Feminist protesters stormed the premiere of new British movie Suffragette at the London Film Festival, calling for greater support for victims of domestic violence. Members of campaign group Sisters Uncut set off smoke bombs and flares as they broke through the barriers and rushed the film's premiere in Leicester Square. Chanting "dead women can't vote", they proceeded to take part in a "die-in" protest, in which they simulated being dead by lying down alongside one another on the red carpet.

Suffragette is the first big screen adaptation of the fight by British women for the right to vote in the early 20th century. The disruption caused by the protests caused the screening to be delayed, but eventually the film's stars including Carey Mulligan, Meryl Streep and Helena Bonham Carter arrived on the red carpet.

Suffragette film protest
Members from Sisters Uncut let off smoke bombs and flares at the Suffragette movie premiere in Leicester SquareReuters

Romola Garai, one of the stars of the film, said while she was unaware what the protest was about, she was pleased to see a feminist demonstration taking place. "I haven't spoken to any of the protesters involved. I haven't seen a list of demands. But to be honest it makes me happy to see feminism alive and well and making an impact.That's great," she said.

The film's writer, Abi Morgan, also praised the protesters. "I thought it was rather wonderful actually," she said. "It's in the spirit of the Suffragettes. Obviously it's an incredibly important movement – what they're trying to do. I think she would have approved, Emmeline Pankhurst, actually," added Morgan.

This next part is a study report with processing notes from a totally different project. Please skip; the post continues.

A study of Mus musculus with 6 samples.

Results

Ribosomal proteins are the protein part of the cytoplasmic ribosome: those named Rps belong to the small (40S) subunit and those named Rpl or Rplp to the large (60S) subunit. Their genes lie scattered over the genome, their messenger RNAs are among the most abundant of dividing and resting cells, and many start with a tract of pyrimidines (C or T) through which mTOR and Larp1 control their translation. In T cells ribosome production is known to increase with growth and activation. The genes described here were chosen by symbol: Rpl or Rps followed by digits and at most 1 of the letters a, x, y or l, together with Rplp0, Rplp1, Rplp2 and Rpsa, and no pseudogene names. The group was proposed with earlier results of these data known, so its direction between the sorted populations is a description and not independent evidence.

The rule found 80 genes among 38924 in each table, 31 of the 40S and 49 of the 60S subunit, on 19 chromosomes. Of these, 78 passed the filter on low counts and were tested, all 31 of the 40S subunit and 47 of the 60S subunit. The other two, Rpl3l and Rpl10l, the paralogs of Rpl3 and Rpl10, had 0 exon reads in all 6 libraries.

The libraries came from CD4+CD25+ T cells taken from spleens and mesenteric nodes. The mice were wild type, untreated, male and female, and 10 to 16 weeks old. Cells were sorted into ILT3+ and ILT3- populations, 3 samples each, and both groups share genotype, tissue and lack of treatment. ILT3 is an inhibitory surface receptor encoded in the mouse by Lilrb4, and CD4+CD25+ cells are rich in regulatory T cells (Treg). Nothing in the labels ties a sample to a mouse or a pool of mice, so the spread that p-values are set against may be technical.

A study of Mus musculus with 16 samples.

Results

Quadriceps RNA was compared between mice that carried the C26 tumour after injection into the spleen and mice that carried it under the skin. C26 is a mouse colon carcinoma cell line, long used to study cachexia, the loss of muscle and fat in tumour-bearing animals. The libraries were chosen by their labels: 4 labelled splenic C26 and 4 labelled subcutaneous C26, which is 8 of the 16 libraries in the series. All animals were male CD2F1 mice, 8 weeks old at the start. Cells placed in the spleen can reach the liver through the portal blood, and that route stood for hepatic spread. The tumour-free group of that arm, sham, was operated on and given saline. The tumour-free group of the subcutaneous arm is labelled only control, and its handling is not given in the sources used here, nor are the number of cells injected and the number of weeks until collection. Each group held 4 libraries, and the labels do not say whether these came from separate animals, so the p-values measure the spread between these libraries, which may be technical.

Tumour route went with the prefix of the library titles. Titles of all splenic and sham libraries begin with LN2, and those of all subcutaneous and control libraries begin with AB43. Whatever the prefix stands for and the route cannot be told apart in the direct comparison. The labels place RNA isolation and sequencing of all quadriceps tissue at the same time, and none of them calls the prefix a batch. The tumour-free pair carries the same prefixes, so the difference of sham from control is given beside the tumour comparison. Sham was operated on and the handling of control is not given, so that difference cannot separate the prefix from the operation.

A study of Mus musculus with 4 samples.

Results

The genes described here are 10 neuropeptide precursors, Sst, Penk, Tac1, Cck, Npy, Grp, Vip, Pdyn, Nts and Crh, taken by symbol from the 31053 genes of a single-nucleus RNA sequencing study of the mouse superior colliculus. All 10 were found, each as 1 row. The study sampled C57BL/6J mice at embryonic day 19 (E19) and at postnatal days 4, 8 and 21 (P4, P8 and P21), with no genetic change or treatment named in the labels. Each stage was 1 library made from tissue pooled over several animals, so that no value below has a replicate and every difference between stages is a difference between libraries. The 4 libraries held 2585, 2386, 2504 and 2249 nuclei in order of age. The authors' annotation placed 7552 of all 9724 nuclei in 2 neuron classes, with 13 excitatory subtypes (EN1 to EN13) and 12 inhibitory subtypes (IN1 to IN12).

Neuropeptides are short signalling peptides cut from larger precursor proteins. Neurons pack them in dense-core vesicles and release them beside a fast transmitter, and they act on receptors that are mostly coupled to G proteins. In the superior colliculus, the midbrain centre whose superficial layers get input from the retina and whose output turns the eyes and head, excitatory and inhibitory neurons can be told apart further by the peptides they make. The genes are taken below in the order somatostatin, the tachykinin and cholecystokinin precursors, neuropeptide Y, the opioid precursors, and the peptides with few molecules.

Romola Garai
Romola Garai, one of the stars of new movie SuffragetteReuters

"Your cuts are sexist"

A statement on the Sisters Uncut website said: "Doors are being slammed on women fleeing violence. Refuges are being shut down, legal aid has been cut, social housing is scarce and private rents are extortionate.

"What's more, local councils are selling out contracts to services who are running them on a shoestring – putting the safety of survivors at risk and deteriorating the working conditions for those who work with abused women.

"To those in power, our message is this: your cuts are sexist, your cuts are dangerous, and you think that you can get away with them because you have targeted the people who you perceive as powerless.

"We are those people, we are women, we will not be silenced. We stand united and fight together, and together we will win."

The 2015 London Film Festival runs from 7-18 October. Besides Suffragette other highlights of this year's festival include Carol, a 1950s-set lesbian romance starring Cate Blanchett and Rooney Mara, and Steve Jobs, a Danny Boyle-directed biopic of Apple's iconic founder, played by Michael Fassbender.